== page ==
On a typical Wednesday afternoon, you will find junior Alain Pujolar with a racquet in hand, hammering away at a ball in an intense doubles match between his fellow club teammates.
Pujolar, the current president of the racquetball club, has excelled in the sport. He is ranked No.1 in the state of Florida in his tier of competition for the United States Racquetball Association (USRA) .
“Being in a club sport has given me a different perspective in what it is to be a college student,” Pujolar said. “I’ve been able to see that being in college is not only about the books and studying, but also expanding your horizons in ways that will make you grow as a person.”
The Racquetball Club has already achieved high prestige. This semester, the club hosted a statewide USRA tournament that, according to tournament coordinator Lynne Olvey, brings roughly five students per college to compete at the University of Miami.
Last February, the club hosted its 10th-annual “Great Balls of Fire Pro Am Racquetball Championship” with the Women’s Professional Racquetball Organization (WPRO). Players were invited to compete in the championship and pay an entrance fee, part of which would go to the event’s sponsored philanthropy, the American Breast Cancer Foundation.
Internally, the club also hosts a signature tournament that is designed to draw new players to compete in the club. This year, the “Spooktacular Splatfest” will take place on Halloween from 10 a.m. to 2 p.m.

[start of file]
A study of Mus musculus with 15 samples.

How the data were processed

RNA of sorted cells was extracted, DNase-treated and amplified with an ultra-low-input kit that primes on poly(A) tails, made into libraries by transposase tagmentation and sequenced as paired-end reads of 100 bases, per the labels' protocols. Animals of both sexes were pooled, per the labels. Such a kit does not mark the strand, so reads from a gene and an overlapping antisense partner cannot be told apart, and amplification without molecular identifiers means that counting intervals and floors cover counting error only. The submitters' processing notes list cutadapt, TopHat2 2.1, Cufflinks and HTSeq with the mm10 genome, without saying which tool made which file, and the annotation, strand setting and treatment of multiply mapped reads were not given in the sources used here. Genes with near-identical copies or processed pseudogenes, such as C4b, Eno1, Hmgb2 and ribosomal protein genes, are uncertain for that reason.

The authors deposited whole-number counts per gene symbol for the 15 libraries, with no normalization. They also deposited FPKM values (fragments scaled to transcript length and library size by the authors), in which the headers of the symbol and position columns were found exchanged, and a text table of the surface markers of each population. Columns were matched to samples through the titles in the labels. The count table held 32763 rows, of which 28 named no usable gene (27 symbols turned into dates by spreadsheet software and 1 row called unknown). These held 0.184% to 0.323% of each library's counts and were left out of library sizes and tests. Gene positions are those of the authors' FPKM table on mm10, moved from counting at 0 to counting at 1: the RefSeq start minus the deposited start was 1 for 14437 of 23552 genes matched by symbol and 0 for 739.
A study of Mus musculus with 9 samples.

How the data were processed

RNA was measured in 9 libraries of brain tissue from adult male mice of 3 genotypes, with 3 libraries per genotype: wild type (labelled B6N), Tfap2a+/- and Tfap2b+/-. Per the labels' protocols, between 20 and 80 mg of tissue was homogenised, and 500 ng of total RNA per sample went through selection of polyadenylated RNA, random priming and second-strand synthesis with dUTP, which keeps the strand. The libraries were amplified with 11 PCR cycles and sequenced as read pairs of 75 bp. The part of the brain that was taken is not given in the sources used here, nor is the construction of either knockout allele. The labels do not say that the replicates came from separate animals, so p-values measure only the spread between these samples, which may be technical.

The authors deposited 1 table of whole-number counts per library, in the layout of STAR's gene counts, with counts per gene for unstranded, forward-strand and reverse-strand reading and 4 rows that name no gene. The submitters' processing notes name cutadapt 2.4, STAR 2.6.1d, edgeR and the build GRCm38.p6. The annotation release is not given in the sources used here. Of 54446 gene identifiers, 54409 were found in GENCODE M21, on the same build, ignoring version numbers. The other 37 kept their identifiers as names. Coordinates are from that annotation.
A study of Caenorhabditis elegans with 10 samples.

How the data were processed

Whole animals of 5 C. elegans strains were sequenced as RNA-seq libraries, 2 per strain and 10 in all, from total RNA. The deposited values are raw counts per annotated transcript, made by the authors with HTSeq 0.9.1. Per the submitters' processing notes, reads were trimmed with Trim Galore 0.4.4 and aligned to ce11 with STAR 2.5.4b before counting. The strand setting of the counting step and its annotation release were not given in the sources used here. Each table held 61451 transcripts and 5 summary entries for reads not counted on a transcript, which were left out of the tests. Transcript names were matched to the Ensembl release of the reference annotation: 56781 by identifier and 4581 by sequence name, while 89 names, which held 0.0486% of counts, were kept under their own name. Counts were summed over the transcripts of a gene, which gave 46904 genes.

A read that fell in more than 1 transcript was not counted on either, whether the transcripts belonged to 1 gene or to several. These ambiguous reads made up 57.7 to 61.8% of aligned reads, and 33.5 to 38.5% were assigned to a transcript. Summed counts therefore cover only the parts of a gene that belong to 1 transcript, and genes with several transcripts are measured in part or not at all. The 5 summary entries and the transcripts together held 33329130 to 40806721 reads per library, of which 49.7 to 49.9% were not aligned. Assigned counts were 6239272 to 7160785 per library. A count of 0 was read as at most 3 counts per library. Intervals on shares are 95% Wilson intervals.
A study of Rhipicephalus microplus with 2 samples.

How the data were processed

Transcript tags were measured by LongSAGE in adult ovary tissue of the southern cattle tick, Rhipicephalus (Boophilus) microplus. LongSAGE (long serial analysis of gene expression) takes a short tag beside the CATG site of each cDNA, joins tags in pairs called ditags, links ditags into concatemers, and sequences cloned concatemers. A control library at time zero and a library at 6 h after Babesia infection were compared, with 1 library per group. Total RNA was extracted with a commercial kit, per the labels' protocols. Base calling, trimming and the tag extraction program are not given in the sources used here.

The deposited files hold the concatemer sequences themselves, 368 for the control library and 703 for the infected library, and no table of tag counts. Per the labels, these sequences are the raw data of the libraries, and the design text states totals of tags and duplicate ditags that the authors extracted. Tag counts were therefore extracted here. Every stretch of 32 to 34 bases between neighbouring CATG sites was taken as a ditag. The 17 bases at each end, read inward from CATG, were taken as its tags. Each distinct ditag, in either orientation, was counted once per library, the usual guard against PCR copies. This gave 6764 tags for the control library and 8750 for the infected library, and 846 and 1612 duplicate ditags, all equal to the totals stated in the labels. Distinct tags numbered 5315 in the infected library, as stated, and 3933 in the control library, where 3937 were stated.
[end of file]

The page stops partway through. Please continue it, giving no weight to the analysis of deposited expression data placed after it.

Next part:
This will be the eighth year the club hosts Splatfest.
“The tournament really helps us generate interest in racquetball,” Olvey said. “They are able to pick a team. Now we only have three really good players that were playing with, and we want at least five. In January we are headed to the University of Florida for the next [state-wide collegiate tournament].”
Pujolar and the club will be practicing hard to ensure they are ready for the tournament.
“What I do to prepare for a match is to play about three hours of racquetball at least three times a week consistently,” Pujolar said. “It’s not just playing anyone, it’s actually playing people that are as good as you or better; that way your game becomes more consistent, you learn to choose high percentage shots, and you also get used to the speed of the ball.”
Still, the Racquetball Club attempts to appeal to all people who are interested in the sport, both in competitive and recreational playing.
“Everyone is welcome to join the club, even non-students, faculty – if you are a member of the Wellness Center, you’re welcome to join,” Olvey said. “The team is for the students, but the club is for everybody.”
Ramon Galiana may be contacted at email@example.com.